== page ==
Self-esteem is a high priority for many professing Christians, who work hard to develop self-esteem in themselves and in their children. They assume that increasing self-esteem is right and good -- even an absolute necessity! Dr. James Dobson has enthusiastically touted self-esteem through his books and his Focus on the Family radio program and other ministry efforts. Because he professes Christianity and promotes family values, many people assume that Dobson's teachings on self-esteem are Biblical, but they can be found nowhere in the Bible unless Scripture is bent to fit.
The bad news concerning Dobson's self-esteem teachings is that his books promoting such teachings have sky rocketed in sales. This is balanced, however, by the good news coming from continued research on self-esteem. Research once again indicates that critics like Martin and Deidre Bobgan are correct about self-esteem and Dobson is dead wrong! (See James Dobson's Gospel of Self-Esteem & Psychology). More bad news, however, is that the research results have not reversed the incorrect assumptions about self-esteem in the minds of many professing Christians, and the research has not dampened the sales of Dobson's self-esteem books.
In James Dobson's Gospel of Self-Esteem & Psychology, the Bobgans
quoted extensive research to document Dobson's erroneous assumptions and
recommendations regarding self-esteem. One of the chapters reported on
California's expenditure of $735,000 to research the subject of self-esteem in
preparation for promoting it throughout the state. The result of this expensive
effort was published in a book titled The Social Importance of Self-Esteem.
Dr. Neil Smelzer, the professor hired to summarize the research, admits: "One of the disappointing aspects of every chapter in this volume ... is how low the associations between self-esteem and its consequences are in research to date." He also says:
"The authors who have assessed the state-of-the-art knowledge of factors important in the genesis of many social problems have been unable to uncover many causally valid findings relating to that genesis -- and they have therefore been correspondingly unable to come up with systematic statements relating to cure or prevention."
After examining the research in The Social Importance of Self-Esteem, David L. Kirk, syndicated writer for the San Francisco Examiner, says it more bluntly: "There is precious little evidence that self-esteem is the cause of our social ills." He continues:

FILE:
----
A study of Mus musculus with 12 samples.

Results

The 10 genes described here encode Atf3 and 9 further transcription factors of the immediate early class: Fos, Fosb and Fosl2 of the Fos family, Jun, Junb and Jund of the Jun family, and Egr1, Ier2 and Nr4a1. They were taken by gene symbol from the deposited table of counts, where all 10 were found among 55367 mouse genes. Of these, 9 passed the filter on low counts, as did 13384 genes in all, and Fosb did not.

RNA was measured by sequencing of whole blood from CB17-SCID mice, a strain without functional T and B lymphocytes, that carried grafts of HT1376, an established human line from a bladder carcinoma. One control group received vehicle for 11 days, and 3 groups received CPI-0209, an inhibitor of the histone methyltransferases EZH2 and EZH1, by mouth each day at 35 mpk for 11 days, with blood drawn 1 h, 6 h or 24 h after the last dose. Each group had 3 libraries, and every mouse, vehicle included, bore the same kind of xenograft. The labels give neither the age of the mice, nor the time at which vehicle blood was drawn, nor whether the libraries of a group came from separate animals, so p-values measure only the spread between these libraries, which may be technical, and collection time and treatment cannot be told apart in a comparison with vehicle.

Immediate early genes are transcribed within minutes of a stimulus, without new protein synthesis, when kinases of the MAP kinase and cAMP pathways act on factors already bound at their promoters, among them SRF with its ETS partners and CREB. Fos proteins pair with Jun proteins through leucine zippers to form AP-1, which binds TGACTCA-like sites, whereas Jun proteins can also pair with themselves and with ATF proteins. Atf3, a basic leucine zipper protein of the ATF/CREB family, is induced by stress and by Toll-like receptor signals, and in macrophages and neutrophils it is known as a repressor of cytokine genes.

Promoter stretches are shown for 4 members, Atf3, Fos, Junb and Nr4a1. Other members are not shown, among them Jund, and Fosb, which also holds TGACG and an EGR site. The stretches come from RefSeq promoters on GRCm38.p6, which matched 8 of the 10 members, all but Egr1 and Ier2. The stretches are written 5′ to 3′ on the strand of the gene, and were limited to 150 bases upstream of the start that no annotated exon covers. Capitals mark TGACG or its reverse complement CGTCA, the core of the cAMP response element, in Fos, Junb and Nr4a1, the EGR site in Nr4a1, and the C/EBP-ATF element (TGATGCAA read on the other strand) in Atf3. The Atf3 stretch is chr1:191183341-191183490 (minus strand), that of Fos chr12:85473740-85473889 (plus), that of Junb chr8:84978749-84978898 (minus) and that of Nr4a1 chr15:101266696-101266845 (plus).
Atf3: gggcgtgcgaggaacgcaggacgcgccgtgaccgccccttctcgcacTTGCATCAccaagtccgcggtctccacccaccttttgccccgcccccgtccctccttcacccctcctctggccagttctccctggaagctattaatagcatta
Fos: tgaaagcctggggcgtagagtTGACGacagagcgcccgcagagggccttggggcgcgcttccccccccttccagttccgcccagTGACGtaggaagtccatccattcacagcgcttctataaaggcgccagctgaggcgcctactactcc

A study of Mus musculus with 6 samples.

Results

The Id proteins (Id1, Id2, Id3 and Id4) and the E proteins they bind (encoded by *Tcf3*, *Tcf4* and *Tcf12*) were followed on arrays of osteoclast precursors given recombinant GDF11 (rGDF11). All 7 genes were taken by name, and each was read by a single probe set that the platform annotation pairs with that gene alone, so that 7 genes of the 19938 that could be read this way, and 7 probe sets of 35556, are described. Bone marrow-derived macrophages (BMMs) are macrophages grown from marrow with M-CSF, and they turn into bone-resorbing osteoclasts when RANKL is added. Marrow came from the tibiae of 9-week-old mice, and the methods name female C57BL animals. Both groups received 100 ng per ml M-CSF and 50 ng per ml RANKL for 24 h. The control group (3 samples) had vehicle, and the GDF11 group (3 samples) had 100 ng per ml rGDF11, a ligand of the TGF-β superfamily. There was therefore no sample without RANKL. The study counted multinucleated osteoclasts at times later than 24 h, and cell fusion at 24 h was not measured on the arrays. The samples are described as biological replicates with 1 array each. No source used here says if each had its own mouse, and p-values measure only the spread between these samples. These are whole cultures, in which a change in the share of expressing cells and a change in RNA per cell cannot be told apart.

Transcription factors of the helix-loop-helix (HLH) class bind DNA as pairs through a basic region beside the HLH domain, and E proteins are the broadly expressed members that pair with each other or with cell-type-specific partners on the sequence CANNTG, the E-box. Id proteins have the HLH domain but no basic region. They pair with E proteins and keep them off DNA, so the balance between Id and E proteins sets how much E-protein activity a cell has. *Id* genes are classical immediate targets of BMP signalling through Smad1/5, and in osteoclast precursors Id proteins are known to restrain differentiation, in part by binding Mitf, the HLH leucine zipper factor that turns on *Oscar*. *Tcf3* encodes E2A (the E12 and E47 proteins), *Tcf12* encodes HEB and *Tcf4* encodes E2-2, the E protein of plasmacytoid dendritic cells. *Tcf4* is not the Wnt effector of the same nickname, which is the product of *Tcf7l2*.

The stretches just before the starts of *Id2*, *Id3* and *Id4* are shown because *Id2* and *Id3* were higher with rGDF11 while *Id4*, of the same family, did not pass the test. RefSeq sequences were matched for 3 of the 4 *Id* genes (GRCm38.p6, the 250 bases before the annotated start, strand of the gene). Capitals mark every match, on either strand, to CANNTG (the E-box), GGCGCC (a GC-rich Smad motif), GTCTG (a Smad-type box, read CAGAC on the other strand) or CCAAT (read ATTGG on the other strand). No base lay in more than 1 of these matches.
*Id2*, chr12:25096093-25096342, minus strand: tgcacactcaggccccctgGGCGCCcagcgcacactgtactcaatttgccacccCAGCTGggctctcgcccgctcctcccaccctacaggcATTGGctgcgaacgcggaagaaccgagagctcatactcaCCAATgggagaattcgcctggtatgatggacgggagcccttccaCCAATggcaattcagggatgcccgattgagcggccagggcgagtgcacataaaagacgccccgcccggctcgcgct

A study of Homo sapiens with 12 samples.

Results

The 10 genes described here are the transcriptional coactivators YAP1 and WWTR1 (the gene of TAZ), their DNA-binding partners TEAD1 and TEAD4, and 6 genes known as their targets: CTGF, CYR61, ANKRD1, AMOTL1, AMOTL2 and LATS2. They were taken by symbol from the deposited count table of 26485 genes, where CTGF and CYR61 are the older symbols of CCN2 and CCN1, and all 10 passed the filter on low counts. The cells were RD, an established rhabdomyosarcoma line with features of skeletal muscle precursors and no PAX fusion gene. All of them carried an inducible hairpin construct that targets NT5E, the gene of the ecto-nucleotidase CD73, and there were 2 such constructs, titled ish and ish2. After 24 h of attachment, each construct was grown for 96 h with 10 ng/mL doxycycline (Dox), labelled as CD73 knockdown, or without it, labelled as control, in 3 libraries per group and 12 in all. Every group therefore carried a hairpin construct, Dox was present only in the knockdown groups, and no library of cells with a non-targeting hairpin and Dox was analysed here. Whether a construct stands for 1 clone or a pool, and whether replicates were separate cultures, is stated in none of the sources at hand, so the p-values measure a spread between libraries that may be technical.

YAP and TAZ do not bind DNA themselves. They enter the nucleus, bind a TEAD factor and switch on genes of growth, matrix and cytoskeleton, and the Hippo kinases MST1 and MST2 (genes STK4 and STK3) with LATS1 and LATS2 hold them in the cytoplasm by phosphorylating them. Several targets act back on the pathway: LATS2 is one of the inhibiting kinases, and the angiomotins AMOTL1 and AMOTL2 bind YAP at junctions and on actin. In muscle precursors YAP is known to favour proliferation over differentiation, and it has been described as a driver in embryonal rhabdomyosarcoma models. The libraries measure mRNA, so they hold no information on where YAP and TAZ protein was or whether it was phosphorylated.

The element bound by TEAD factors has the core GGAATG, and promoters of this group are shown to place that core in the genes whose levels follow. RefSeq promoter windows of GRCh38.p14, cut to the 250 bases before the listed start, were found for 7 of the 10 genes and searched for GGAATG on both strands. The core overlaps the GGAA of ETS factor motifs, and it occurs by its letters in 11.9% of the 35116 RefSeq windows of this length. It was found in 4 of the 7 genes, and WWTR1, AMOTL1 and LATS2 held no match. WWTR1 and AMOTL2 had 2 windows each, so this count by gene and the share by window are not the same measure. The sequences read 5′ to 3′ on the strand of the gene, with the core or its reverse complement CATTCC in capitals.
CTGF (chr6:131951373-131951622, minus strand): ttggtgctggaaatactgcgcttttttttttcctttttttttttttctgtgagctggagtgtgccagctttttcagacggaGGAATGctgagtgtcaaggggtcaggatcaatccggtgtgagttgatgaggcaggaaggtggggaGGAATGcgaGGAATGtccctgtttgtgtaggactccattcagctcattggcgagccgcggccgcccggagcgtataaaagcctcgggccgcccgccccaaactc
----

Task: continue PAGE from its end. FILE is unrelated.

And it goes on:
"Those social scientists looked hard ... but they could detect essentially no cause-and-effect link between self-esteem and problematic behavior, whether it's teen pregnancy, drug use or child abuse."
John Leo's article titled "Damn, I'm Good" (US News & World Report, 5/18/98) followed his examination of the research on self-esteem. Leo says:
"The self-esteem movement is one of the marvels of our time. It goes on and on, even though its assumptions are wrong and its basic premises have been discredited by a great deal of research. Like a monster in the last 10 minutes of a horror movie, it has enough fatal wounds to stop a platoon. But it keeps stumbling on, seeming not to notice."
A New York Times article quotes Albert Bandura, a psychology professor at Stanford, as saying that "self-esteem affects neither personal goals nor performance."
Yes, Dobson is dead wrong about self-esteem from both a Biblical and research perspective. However, in spite of all the research that continues to contradict Dobson's position on self-esteem, his books continue to be popular. Moreover, because he has combined the psychology of self-esteem with the Bible, many will have a difficult time giving it up. It's part of their faith and no amount of research to the contrary will dissuade them.
In the midst of all the psychological nonsense Dobson has brought into the church, there is still hope. The good news is that God's Word is true and we can depend on Him, who by His "divine power hath given unto us all things that pertain unto life and godliness, through the knowledge of him that hath called us to glory and virtue: whereby are given unto us exceeding great and precious promises: that by these ye might be partakers of the divine nature, having escaped the corruption that is in the world through lust" (2 Peter 1:3,4).
One need not add self-esteem from the psychological wisdom of the world. God Himself provides what is needed to live the Christian life -- knowledge, understanding, wisdom, and power that will never be found in self-esteem or any other addition from psychology.
* Excerpted and/or adapted from the July-August 1998, PsychoHeresy Awareness Letter.